BAXTER -- Four years ago Bridget Surma, a third-grade teacher at Baxter Elementary School, started a book club for her third-graders as a way to pass on her love of reading and to encourage their parents to read with them.
Students who volunteer to be in the book club join their parents during recess at school once a month to discuss their monthly book club selection. Two students serve as literature leaders during the book club meeting, offering up questions in order to spur on the discussion. Someone volunteers each month to bring snacks.
What began as a third-grade book club has now spawned three separate book clubs at Baxter Elementary for third-, fourth- and fifth-graders. Students in her previous third-grade book clubs didn't want to give up their book clubs even though they were no longer in her class.
So Surma, who participates in two adult book clubs, now attends three monthly student book clubs as well. The book clubs are so popular that many of the clubs meet in the summer, usually hosted as a book club/beach party gathering at a cabin or lake home. There are about 10 students in the third-grade book club, or half of Surma's class; eight students in the fourth-grade book club; and seven students in the fifth-grade book club.
The fifth-grade book club at Baxter Elementary School recently met, along with their parents, to discuss "The Cay," by Theodore Taylor.
Surma said she tries to select historical fiction for her book club members and leans heavily toward Newberry Medal-winning novels.
"The book club is fun because you get to read a lot of different books," said Camden Swanson, 10, a Baxter fifth-grade book club member. "And I like the treats."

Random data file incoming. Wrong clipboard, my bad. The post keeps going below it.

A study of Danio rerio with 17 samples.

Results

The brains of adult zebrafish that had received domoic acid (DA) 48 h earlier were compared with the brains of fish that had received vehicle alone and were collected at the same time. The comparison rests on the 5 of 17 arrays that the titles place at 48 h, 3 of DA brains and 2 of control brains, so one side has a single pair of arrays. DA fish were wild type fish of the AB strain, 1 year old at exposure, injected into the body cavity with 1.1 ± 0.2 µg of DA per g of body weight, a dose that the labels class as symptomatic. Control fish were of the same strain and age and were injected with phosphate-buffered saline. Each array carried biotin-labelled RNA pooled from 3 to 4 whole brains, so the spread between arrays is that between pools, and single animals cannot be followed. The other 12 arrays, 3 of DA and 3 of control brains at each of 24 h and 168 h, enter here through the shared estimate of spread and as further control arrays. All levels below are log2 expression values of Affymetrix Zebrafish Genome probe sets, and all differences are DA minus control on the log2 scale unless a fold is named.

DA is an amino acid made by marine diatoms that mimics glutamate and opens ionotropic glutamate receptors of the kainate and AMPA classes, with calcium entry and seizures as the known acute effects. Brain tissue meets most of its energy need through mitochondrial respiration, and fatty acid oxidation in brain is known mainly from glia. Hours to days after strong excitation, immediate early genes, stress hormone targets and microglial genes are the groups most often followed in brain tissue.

Tamie Swanson, Camden's mom, said her son's reading habits have changed since he joined the book club in third grade.
"As a parent, I look at how he reads books and now, it's different," she said. "He analyzes and predicts as he reads."
Swanson and his fellow book club members recently read, "The Cay," by Theodore Taylor. The book touched many of the boys and girls in the club, including Luke Surma, Bridget Surma's fifth-grade son. The student-led book club had a spirited discussion about the book on Feb. 10 during their monthly book club meeting. They talked about the motivation behind the characters and answered trivia questions about the book.
"This was the only book I've cried in," Luke said.
"Me, too," added Camden.
"They've learned so much about literature and authors and how important it is to discuss," Surma explained. "It truly is a kid's book club because they do the majority of the discussing."
Several fifth-graders said they have made reading recommendations to their teachers of books they've enjoyed reading during their book club. Surma said she would love to see more parent-children book clubs springing up throughout the Brainerd lakes area.